In this project, we will see how to design a simple DIY Universal Remote using Arduino. Using this remote application, you can control various electronic appliances like T.V., A.C., DVD Players, etc.
I have implemented the Universal Remote using Arduino Nano and places it on a small perf board along with all the buttons, power supply etc. The final build looks something like this.
An IR Remote control is a line of sight based wireless communication device that works in tandem with an IR Receiver. You can find IR Remote controls and corresponding IR Receivers in almost all major electronic appliances like televisions, air conditioners, TV boxes, audio players and many more.
The main problem with this setup is that each device has its own IR Remote control and the more the number of appliances you have, the larger the pile of remote controls.
What if you have a single remote control that can control, if not all then majority of your electrical appliances? This concept is known as Universal Remote Control and it is already existing in the market.
Bringing the same concept to makers and hobbyists, a DIY Universal Remote using Arduino is developed in this project. The reason for building your own Universal Remote using Arduino can be as simple as the satisfaction of building a practical application with your own hands or can be to bypass the cost of an already existing universal remote control from the market.
Principle behind Universal Remote using Arduino
The main principle behind the implementation of an Arduino based Universal Remote Control is very simple. First, using an existing remote control of any appliance like TV for example, the IR Signals are decoded.
These decided signals are then used in the final application to emit the corresponding infrared signals using an IR Emitter LED.
Decoding the IR Signals using Arduino
The first logical step is to decode all the infrared signals from the existing remote controls. I have a Sony TV and a Voltas AC. Using these two remote controls, I have decoded the basic buttons like Power, Volume Up, Volume Down, Previous, Next, Source for the TV and Power, Temperature Up, Temperature Down, Swing, Fan, Turbo for the AC.
Before proceeding with this, I recommend you to go through this simple project called “Arduino IR Receiver Tutorial”, where I have discussed all the important aspects to setup an IR Receiver with Arduino and decode the signals.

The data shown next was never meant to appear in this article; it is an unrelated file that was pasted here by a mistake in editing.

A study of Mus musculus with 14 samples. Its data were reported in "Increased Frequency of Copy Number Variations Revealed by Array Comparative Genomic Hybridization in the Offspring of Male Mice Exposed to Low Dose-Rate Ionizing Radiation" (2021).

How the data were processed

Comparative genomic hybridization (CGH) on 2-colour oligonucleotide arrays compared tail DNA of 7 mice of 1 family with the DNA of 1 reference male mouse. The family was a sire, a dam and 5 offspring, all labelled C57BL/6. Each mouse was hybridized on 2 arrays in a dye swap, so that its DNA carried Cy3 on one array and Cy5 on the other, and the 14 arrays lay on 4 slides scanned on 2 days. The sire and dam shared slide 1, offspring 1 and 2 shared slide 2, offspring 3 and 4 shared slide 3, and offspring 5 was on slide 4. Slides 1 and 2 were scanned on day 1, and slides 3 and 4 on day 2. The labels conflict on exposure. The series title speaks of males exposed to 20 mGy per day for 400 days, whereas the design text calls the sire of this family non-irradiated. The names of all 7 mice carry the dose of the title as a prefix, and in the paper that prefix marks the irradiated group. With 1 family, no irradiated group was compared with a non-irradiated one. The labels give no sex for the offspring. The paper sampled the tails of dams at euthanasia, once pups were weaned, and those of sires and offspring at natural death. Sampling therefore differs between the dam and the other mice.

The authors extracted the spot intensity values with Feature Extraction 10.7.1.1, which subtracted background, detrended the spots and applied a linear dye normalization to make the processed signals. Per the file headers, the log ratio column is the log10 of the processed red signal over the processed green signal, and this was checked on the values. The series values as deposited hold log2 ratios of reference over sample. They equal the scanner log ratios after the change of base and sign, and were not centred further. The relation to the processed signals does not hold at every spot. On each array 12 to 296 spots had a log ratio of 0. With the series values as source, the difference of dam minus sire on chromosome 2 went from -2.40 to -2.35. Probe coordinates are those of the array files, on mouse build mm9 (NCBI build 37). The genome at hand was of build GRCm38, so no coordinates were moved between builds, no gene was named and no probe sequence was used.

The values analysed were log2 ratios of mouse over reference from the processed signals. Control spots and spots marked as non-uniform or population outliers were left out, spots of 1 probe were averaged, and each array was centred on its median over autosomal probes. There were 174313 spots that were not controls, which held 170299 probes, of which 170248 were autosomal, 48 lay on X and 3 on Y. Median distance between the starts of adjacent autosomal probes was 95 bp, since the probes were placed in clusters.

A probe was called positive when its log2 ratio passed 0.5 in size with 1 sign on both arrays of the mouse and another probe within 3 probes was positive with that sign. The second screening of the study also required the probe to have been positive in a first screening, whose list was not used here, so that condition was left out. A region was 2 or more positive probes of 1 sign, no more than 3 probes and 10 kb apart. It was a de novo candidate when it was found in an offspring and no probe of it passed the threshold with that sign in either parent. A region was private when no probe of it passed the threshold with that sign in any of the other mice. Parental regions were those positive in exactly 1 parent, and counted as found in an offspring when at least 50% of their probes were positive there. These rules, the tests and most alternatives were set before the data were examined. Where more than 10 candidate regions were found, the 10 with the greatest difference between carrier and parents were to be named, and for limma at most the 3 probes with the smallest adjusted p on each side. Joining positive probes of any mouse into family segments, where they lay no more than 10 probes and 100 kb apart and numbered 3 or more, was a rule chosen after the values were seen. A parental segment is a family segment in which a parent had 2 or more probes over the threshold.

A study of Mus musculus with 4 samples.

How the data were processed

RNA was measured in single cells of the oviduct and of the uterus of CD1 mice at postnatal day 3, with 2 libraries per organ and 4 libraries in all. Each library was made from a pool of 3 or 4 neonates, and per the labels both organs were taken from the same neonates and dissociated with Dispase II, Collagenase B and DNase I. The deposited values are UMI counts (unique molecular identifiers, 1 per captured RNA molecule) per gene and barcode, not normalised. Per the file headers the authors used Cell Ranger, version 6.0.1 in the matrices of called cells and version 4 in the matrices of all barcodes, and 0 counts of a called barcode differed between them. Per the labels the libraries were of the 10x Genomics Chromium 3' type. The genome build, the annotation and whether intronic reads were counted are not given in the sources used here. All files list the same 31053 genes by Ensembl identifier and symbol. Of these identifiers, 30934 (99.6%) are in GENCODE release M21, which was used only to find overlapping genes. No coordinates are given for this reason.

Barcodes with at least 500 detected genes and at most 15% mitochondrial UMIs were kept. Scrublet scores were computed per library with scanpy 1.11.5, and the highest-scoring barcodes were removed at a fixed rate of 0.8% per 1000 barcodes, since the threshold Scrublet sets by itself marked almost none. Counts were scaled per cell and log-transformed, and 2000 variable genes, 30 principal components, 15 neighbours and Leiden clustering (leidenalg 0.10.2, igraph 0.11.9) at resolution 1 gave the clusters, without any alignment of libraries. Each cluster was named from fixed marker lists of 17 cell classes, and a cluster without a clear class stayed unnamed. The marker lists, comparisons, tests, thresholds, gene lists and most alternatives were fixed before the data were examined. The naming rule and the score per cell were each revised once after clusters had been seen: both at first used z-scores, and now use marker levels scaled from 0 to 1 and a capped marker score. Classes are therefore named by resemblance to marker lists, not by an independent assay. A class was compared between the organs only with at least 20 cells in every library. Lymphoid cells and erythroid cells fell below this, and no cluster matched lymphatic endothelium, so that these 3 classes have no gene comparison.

For now, the circuit diagram for decoding the TV and AC Remote keys is shown below, where I have used Arduino Nano along with TSOP1740 IR Receiver.
The code for decoding IR Signals is given below.
All the decoded signals will appear on the serial window. Make a note of all the decoded values.
NOTE: A special library called “IRremote” is used in this project. You can directly install it using Arduino IDE’s Library manager and search for IRremote by shirriff or download the zip file for this GitHub page.
Circuit of Universal Remote using Arduino
Now that we have decoded all the necessary signals from the original remotes, we can now proceed with the actual build of the Universal Remote using Arduino. The circuit diagram is shown below.
- Arduino Nano
- IR LED
- Push Buttons x 8
- CR2032 Battery x 2
- CR2032 Battery Holder x 2
- RGB LED x 1
- 10KΩ Resistor x 2
- Connecting Wires
- Perf board
- Female Header strips (for Arduino Nano)
First, an IR Led is connected to Digital IO pin 3. Then the buttons are connected as follows:
Button Arduino Digital IO Pin Power 4 Mode 5 Up 6 Down 7 Left 8 Right 9 Select 10
Additionally, there is a Wakeup button connected to Digital IO pin 2. Digital IO pin is pulled down using a 10KΩ Resistor, while all the other button pins are pulled up internally. The other ends of all the buttons (except Wakeup button) are connected GND. The other end of the Wakeup button is connected to VCC.
An RGB LED is used to indicate the appliance selected. The RGB LED used here has a common anode terminal, which is connected to VCC through a 10KΩ Resistor. The R, G and B ends of the LED are connected to pins 11, 12 and 13 respectively.
The entire system is powered by a couple of CR2032 3V Lithium cells in series.
Following is the code for the application Universal Remote using Arduino. From the previously collected values, place the corresponding values in the appropriate arrays provided for TC and AC in the code.
These arrays are named tv_onoff, tv_volup, tv_voldown, tv_prev, tv_next, tv_source for TV related data and ac_onoff, ac_tempup, ac_tempdown, ac_swing, ac_fan, ac_turbo for AC.
NOTE: An additional library called “LowPower” is used to put the Arduino to sleep after a preset time to save battery. Download this library from this GitHub page.
After inserting the decoded values and uploading the code to Arduino Nano, you can start using the application as a Universal Remote control. First, press the mode button to select the appliance. I have assigned Red LED for TV and Green LED for AC.
So, by pressing the mode button you can select between TV and AC and the Led acts as a visual indicator. Once the mode is set, you can use the remote for that particular device. If no key is pressed for a period of 10 seconds, the LowPower library will kick in and puts the Arduino to sleep.
Use the Wakeup button to wake the Arduino.
A simple but very useful DIY Project called Universal Remote using Arduino Nano is designed here. Using this application, you can control a number of electronic appliances with the help of a single remote control.